Limerick break the €2m mark for 2022 spend on county teams

Limerick GAA broke the €2m mark in preparing their county teams in 2022, exceeding the figure recently reported in Galway
Limerick break the €2m mark for 2022 spend on county teams

CHAMPIONS: Limerick captain Declan Hannon lifts the Liam MacCarthy Cup. Pic: Stephen McCarthy/Sportsfile

Limerick GAA broke the €2m mark in preparing their county teams in 2022, exceeding the figure recently reported in Galway.

Despite the reduced inter-county season, the All-Ireland senior hurling champions spent €2,297,886 on all their county teams, an increase of almost €1m from last year’s figure of €1,321,258, which was smaller due to the pandemic-affected season when the senior hurling championship was played on a smaller qualifier format and the SFC on a knock-out basis.

As well as retaining the Liam MacCarthy Cup, Limerick’s senior footballers reached a Munster final while the U20 hurlers lost to Kilkenny in an All-Ireland final.

The €2.297m is larger than the €2.161m Galway confirmed they spent on their county teams in 2022. Galway had been the first county ever to report they broke the €2m figure for inter-county teams expenditure in a single season. In total, Limerick accrued over €2.6m in games expenses, a jump of almost 50% on last year. The team administration total also incorporates the senior hurlers’ team holiday to Florida at the end of the month.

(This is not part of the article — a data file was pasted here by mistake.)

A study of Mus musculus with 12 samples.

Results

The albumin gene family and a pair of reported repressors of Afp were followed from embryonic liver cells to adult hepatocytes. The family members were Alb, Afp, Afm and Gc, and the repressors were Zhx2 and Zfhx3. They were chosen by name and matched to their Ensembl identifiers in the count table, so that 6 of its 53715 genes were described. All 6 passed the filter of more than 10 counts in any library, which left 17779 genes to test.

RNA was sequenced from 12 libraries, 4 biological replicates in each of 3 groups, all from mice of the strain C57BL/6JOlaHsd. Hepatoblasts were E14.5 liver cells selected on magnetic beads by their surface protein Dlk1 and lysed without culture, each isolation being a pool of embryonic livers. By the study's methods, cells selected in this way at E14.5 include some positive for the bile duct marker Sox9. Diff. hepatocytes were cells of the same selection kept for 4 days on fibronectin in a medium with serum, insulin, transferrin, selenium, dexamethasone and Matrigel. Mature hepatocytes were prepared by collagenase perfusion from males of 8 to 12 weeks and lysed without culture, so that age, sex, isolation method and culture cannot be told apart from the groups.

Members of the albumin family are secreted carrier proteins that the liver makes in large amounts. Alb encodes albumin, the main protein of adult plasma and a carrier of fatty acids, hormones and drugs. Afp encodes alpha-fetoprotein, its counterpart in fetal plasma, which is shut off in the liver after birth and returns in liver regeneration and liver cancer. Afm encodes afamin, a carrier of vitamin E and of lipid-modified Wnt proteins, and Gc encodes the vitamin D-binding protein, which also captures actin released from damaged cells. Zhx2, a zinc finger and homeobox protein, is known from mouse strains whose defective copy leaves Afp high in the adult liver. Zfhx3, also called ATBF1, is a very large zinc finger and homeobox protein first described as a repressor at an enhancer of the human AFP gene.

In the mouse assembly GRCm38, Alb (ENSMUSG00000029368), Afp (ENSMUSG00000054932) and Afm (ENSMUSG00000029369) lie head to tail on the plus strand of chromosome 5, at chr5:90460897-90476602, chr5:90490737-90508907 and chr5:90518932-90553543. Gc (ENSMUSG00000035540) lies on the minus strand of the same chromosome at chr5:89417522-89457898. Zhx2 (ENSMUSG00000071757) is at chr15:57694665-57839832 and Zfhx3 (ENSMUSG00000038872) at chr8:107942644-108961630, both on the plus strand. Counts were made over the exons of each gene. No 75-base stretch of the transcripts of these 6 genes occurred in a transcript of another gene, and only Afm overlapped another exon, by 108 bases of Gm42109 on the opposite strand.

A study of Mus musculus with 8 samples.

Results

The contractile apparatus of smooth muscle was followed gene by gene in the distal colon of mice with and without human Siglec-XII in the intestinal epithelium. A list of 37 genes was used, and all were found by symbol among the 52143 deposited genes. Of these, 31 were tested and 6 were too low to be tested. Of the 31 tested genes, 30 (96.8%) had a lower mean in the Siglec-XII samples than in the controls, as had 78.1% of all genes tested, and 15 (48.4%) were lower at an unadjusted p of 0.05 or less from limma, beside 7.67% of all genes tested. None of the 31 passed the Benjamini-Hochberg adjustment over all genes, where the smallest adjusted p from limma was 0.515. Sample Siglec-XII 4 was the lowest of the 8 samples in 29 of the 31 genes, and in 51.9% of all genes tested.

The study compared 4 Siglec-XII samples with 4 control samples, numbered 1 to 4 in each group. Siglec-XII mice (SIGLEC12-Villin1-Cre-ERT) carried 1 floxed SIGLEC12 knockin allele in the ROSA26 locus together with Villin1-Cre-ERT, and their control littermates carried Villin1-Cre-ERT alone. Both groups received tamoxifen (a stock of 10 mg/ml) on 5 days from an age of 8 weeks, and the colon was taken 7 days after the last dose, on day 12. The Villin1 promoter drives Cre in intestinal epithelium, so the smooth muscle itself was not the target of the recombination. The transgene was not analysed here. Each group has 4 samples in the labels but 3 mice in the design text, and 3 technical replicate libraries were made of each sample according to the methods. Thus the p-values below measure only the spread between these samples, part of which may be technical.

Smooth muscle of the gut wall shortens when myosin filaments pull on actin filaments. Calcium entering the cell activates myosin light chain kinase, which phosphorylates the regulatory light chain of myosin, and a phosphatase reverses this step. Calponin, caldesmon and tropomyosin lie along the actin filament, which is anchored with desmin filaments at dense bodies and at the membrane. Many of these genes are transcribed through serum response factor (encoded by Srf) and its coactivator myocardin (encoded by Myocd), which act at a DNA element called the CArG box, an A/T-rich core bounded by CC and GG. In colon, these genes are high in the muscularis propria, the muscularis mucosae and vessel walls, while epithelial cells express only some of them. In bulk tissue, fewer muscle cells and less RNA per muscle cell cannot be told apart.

Limerick were still able to record an operating profit of €95,290 for the financial year ending September 30, 2022 compared to a €260,327 profit for the previous period. Total income was €3,741,940, €1.043 million of which was gate receipts, a three-fold increase on the Covid-affected 2021, while €874,422 was earned in commercial income. Total sponsorship of teams was €760,421.

Meanwhile, Limerick secretary Mike O’Riordan has stressed the need to redevelop TUS Gaelic Grounds’ Mackey Stand.

In his report, O’Riordan wrote: “As we edge closer to the centenary anniversary of the purchase and development of the Gaelic Grounds on the Ennis Rd site, I really feel minds should focus on the redevelopment of the Mackey Stand.

“The rule of thumb for any stand/stadium is 50 years and the Mackey Stand will reach that at the end of this decade. There will be a cost with regard to planning and necessary studies to carried out as part of the process.

“The land on the Ennis Rd we acquired from Limerick City and County Council has been transferred to Limerick Gaelic Grounds Ltd.

“There will also be a review of the naming rights of the stadium in 2023 with TUS as part of the original agreement. With the flood lights installed over 10 years and the high energy costs associated with same, the next small project for the Stadium I feel should be the installation of LED Lights. We should also look at the installation of a well to complement our new irrigation system.

O’Riordan also raised the issue of a questionable Kilkenny point that was awarded in Limerick’s defeat to the Cats in May’s U20 final in Thurles. Kilkenny won the game by a point.

“There was one contentious issue where it seemed Conor Hanley Clarke seemed to prevent a point but unfortunately for Limerick the officials awarded it.”